CSS selectors is a powerful HTML querying protocol which is used by browsers to determine what HTML elements to style.
It's also incredibly useful in HTML parsing when web scraping or processing HTML data, as the same queries can be used to select values as well.
In web scraping, CSS selectors are an easy and powerful way to parse HTML data and are used in many web scraping libraries. This article is a carefully curated CSS Selector cheatsheet for web scraping, though it can apply to any HTML parsing tasks.
This CSS selector cheatsheet contains all selector features used in HTML parsing.
Clicking on the explanation text will take you to a real-life interactive example with more details. Note that CSS selectors can differ in different implementations, so unique non-standard features are marked as such.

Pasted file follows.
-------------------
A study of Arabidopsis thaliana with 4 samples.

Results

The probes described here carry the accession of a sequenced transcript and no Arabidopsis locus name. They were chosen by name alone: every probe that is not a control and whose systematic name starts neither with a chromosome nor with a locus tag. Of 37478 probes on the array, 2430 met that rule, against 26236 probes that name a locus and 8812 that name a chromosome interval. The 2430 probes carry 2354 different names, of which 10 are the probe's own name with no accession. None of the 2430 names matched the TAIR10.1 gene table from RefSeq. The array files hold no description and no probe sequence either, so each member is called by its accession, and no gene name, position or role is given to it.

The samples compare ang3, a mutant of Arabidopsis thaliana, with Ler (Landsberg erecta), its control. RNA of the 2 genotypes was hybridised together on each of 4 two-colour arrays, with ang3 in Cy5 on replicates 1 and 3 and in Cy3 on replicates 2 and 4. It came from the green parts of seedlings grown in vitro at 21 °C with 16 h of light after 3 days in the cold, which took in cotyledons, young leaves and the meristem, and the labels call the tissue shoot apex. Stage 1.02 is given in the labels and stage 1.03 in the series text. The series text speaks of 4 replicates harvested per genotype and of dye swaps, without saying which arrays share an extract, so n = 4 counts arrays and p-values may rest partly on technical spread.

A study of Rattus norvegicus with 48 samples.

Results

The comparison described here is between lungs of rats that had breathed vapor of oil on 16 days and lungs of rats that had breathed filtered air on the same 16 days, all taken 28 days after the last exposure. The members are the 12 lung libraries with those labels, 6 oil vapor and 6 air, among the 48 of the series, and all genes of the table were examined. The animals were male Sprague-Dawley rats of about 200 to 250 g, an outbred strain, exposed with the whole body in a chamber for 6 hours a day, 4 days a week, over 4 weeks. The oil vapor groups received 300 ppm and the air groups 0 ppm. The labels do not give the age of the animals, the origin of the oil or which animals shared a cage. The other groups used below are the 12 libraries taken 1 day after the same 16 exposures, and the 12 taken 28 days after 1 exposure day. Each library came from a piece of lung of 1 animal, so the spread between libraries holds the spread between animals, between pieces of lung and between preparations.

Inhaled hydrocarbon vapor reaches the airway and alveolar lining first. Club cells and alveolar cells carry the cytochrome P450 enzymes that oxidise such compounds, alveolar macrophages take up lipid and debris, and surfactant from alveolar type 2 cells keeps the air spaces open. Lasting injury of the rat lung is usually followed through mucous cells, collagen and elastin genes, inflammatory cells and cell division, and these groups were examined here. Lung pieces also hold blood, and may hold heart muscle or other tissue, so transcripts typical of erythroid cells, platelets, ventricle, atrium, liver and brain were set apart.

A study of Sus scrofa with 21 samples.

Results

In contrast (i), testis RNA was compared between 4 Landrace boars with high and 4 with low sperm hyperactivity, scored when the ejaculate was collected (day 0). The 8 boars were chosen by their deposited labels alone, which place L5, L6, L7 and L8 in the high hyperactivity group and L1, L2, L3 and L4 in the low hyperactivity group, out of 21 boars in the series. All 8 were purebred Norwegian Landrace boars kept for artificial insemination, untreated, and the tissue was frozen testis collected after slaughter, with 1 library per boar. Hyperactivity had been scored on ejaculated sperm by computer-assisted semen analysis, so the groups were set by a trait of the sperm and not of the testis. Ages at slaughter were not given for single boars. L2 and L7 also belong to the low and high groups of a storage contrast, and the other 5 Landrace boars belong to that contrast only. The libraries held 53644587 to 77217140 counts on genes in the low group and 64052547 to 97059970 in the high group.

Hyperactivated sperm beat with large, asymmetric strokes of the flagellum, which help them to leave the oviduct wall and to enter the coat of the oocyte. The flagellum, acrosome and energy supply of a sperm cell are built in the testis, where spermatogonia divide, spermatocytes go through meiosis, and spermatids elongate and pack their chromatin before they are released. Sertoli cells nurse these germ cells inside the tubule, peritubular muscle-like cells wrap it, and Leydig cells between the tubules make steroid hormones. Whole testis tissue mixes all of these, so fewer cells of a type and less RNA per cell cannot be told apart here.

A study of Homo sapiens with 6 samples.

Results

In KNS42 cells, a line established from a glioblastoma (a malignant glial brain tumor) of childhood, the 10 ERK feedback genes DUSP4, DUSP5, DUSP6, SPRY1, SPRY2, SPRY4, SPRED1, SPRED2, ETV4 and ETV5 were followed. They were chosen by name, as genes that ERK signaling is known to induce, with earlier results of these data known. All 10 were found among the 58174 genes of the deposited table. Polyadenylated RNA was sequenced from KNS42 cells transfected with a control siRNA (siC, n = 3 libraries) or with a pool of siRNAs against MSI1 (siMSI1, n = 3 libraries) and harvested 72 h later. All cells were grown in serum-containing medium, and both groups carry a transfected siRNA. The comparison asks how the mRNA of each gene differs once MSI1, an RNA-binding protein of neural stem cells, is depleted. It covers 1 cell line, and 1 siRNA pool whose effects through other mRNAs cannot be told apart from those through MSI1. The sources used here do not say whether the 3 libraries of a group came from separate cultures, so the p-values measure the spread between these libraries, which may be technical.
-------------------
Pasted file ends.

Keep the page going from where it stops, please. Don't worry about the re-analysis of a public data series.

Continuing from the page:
These features are, however available in XPath selector engine.
The :nth-child pseudo selector will select only the elements that are Nth children in their group of all siblings. In other words, Nth element in the group. It also supports special values like even and odd - try them!
The :nth-of-type pseudo selector will select elements of given type that are Nth element in their group. It's similar to :first-of-type and :last-of-type just more flexible as index can be specified. It also supports special values like even and odd - try them!
The :has() pseudo selector is a way of selecting a parent element based on the existence of a certain child. Here, the div elements that have a child with product class are selected. Note that using any descendant selector (space) can cause a lot of duplicate results so using the direct child selector (>) is recommended. Try removing the `>`` to see the difference.
The :is() pseudo selector is a way of selecting elements that match any of the supplied selectors. Here, the div and span elements are selected as they match the :is() selector. This pseudo selector can be very powerful when combined with :not - try to exclude .foo from the selection.